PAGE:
Verbivore's Feast
A Banquet of Word and Phrase Origins

by Chrysti Meuller Smith

published by Farcountry Press

  • After spending some time out of print, Verbivore's Feast is now available as an ebook!

    What led to the expression "let the cat out of the bag"? Why do we call blondes "towheads"? For Pete's sake, what is a fangle?

    In this humorous and engaging collection of word origins and histories, the famed host of the "Chrysti the Wordsmith" series (heard on Yellowstone Public Radio, Montana Public Radio, Montana State University's KGLT-FM, and Armed Forces Radio and Television Service) shares the stories behind the words. This irresistible medley is a must for word lovers everywhere.

Ebook only! - $2.99

    Did you know?
  • The word ukulele was inspired by the flea?
  • When you're delirious, you're "plowing your field in crooked rows."
  • St. Audrey, an English abbess, died from a throat tumor in A.D. 679. Her life and death inspired the word tawdry.
  • If you're mediocre, you're only "halfway up the mountain."
  • A disgruntled 18th century English playwright was the first to complain that someone stole his thunder.

Verbivore's Feast, Second Course





Verbivore's Feast
A Banquet of Word and Phrase Origins


To bring home the bacon means to win a prize, return home with something valuable, or support a family by working. The most likely source of this expression is the greased-pig contests at American county fairs — whoever captures the pig gets to keep it and bring home the “bacon.” This “greased pig” sense of the phrase was first recorded in 1925.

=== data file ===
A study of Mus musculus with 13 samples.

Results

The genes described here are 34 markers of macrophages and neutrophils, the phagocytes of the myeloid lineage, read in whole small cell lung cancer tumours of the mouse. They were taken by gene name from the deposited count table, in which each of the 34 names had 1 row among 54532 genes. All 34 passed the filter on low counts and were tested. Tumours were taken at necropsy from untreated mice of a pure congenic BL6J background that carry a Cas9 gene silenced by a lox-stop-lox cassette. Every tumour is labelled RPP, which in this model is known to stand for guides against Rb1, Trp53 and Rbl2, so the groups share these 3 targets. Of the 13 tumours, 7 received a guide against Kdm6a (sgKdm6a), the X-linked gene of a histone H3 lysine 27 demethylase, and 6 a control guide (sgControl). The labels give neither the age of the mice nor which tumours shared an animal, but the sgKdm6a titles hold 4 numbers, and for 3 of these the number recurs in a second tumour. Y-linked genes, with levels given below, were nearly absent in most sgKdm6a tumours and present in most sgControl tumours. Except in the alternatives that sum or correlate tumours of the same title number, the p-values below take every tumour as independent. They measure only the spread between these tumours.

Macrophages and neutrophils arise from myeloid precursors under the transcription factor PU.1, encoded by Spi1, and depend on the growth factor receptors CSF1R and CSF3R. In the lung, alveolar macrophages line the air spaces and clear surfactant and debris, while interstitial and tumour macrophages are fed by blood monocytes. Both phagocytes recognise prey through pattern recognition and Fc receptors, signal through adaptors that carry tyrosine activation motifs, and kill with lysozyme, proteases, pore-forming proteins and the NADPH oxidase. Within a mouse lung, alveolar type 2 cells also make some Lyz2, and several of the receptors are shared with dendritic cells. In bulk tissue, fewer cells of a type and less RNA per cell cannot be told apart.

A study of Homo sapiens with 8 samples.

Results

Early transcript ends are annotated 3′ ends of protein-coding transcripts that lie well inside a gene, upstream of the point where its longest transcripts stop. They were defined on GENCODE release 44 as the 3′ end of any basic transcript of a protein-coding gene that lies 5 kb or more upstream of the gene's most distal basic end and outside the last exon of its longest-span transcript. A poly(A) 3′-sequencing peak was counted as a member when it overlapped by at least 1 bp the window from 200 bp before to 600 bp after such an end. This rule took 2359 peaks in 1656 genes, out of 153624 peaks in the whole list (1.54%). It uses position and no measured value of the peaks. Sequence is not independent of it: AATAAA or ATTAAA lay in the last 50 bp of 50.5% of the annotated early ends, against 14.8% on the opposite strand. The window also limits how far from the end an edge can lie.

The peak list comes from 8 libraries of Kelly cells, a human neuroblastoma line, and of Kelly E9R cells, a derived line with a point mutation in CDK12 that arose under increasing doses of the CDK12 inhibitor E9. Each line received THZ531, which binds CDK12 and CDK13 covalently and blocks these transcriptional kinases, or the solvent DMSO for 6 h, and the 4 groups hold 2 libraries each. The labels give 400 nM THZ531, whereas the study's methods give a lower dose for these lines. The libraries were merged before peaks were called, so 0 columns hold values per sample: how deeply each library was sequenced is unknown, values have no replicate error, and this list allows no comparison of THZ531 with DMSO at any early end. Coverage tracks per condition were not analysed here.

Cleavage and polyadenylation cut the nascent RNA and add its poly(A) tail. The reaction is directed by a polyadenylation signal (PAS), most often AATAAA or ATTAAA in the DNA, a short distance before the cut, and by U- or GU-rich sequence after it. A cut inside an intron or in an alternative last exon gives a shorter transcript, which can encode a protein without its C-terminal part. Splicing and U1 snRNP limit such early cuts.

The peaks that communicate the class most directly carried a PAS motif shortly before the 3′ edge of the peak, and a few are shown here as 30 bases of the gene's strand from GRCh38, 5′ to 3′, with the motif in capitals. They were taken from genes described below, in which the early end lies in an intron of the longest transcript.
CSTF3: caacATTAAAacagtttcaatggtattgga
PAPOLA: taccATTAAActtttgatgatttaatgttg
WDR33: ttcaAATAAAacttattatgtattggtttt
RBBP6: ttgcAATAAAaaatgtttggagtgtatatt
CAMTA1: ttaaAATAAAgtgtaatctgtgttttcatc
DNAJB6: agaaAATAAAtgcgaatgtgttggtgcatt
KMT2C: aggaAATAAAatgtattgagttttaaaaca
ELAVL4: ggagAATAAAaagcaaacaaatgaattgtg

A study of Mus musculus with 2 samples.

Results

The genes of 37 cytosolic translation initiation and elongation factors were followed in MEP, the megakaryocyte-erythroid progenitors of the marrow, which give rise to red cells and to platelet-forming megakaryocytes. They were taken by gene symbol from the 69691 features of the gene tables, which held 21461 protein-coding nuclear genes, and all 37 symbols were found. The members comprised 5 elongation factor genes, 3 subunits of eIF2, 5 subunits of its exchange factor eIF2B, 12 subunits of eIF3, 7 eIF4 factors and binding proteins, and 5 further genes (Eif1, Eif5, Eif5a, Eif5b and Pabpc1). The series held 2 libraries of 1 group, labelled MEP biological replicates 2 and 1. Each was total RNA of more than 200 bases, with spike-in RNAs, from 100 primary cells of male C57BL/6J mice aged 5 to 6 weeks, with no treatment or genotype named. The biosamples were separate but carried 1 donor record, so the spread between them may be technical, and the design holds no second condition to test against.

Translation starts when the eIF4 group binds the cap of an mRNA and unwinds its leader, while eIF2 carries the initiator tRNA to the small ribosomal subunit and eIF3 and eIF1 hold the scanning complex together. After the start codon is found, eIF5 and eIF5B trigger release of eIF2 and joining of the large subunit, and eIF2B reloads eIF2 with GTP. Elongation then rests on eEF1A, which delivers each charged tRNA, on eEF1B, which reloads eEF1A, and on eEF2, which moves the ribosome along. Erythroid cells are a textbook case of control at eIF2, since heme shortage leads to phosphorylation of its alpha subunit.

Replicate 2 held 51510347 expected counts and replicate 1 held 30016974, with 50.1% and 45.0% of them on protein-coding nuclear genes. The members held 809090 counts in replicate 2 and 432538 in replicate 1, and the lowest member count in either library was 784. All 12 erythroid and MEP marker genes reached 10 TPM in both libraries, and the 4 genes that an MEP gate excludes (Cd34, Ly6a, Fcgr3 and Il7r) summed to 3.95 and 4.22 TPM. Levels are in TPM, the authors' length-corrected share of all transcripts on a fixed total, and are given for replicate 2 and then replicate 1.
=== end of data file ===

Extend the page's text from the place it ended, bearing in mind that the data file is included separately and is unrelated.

Another suggestion — less likely but more colorful, and certainly more ancient — involves an annual custom initiated in 1111 in Dunmow, Essex County, England. The church officials in that town offered a whole side of bacon (called the Dunmow flitch) to any couple who could prove their marital felicity. The contenders were to kneel on two sharp stones beside the Dunmow church door and swear before God that they had neither quarreled nor wished themselves unmarried for a year.

The trick for the couples was convincing a mock jury of six bachelors and six maidens of the veracity of the claim. The names of the fortunate couples who brought home the bacon are recorded permanently in the church at Dunmow.

Chrysti Meuller Smith align= Chrysti M. Smith is host of the radio series "Chrysti the Wordsmith," produced at KGLT-FM on the campus of Montana State University in Bozeman and also heard on Yellowstone Public Radio in Billings, Montana, on Montana Public Radio in Missoula, Montana, and worldwide on Armed Forces Radio and Television Service. Smith lives in Belgrade, Montana.